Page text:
The line between "public" and "private" is getting blurry. Technology is letting strangers track just about everybody and everything, and the question is how far will it go?
They are watching you, paging you, tracking you on the Internet, calling you and even monitoring your drive to work.
Not unlike the movie adaptation of George Orwell's book, "1984," it feels like someone is always keeping an eye on us.
"Out into the future, I think people are going to become aware of just how much the world has impinged on their privacy and on their private time," said psychologist Don Azevedo.
Azevedo believes that loss of privacy will breed caution.
"People are going to make a different set of choices about how they spend their time and how free they are with their information," said Azevedo.
"Privacy, when it comes to the camera, is a big issue. Just who can see me?" said Barry Simmons.
Simmons runs a security company. As surveillance cameras get smaller and more sophisticated, Simmons says concerns about privacy increase.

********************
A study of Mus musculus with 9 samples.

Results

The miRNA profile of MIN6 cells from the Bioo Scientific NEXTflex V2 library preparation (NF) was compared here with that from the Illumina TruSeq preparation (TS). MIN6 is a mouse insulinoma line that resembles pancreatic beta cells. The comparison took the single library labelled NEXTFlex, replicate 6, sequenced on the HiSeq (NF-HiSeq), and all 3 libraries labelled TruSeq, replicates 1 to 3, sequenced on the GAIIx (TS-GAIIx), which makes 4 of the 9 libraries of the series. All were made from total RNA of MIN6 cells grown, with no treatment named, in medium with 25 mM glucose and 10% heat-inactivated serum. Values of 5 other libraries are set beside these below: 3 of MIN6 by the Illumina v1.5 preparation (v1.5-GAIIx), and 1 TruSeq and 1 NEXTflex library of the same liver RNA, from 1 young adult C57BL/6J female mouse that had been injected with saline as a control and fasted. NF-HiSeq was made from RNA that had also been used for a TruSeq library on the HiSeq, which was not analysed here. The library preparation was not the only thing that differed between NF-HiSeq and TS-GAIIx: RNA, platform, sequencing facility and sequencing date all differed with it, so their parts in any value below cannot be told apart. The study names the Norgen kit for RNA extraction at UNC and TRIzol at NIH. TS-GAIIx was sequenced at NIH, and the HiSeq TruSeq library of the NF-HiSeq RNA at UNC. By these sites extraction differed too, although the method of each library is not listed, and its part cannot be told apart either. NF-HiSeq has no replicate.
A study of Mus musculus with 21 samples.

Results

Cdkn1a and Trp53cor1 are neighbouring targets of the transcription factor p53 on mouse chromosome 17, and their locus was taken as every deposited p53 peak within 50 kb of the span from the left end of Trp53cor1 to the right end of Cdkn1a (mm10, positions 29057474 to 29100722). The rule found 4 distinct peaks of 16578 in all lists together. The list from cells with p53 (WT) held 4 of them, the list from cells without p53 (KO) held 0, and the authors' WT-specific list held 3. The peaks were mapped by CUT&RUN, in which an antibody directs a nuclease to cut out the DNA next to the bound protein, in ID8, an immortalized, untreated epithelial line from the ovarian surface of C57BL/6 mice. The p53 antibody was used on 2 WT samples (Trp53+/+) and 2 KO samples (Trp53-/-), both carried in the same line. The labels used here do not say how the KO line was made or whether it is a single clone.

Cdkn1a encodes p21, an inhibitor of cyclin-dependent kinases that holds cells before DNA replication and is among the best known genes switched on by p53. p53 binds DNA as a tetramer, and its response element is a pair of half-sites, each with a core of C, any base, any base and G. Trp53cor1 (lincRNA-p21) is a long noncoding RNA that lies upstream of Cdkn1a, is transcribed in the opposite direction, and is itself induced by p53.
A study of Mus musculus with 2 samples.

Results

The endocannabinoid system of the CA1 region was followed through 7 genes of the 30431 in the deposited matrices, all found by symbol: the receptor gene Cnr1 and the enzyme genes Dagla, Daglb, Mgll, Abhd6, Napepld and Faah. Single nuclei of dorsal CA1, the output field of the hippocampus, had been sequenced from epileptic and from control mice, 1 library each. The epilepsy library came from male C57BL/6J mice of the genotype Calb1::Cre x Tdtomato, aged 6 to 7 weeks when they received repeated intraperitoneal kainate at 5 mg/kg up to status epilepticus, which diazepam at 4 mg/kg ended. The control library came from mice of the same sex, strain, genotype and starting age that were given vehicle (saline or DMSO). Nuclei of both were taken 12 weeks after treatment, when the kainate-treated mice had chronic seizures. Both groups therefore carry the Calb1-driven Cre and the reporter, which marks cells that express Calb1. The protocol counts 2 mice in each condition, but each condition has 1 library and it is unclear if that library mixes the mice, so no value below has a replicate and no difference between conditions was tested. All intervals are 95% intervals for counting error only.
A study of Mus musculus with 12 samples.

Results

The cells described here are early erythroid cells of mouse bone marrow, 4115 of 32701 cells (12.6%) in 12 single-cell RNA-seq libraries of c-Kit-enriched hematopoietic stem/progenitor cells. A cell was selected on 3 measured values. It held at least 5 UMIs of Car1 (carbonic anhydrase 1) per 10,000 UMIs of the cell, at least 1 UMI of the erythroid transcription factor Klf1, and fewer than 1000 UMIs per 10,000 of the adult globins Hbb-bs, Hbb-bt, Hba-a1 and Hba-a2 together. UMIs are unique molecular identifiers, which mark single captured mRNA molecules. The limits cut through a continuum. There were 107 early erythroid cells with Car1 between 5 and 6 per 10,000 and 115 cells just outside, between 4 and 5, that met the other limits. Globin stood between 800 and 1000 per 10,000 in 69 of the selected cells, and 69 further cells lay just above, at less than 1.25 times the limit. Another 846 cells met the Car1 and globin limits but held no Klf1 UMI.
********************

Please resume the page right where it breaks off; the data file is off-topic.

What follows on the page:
"When it comes to alarm people like ourselves being able to see into the home, to be able to say 'Okay, what's going on there, it's 12:00, and the alarm went off,' they're getting a little sensitive and probably rightfully so about some of that," said Simmons.
Despite concerns, Azevedo says people are not running for the hills yet.
"You're going to see people starting to rebel a little bit, but I don't thing they're going to run to the mountains. I think they're just going to make smarter and better choices," said Azevedo.
Azevedo says some of the choices may be spending less time on the computer and more time with family, turning off the pager and cell phone and guarding information like social security numbers and credit card numbers more closely.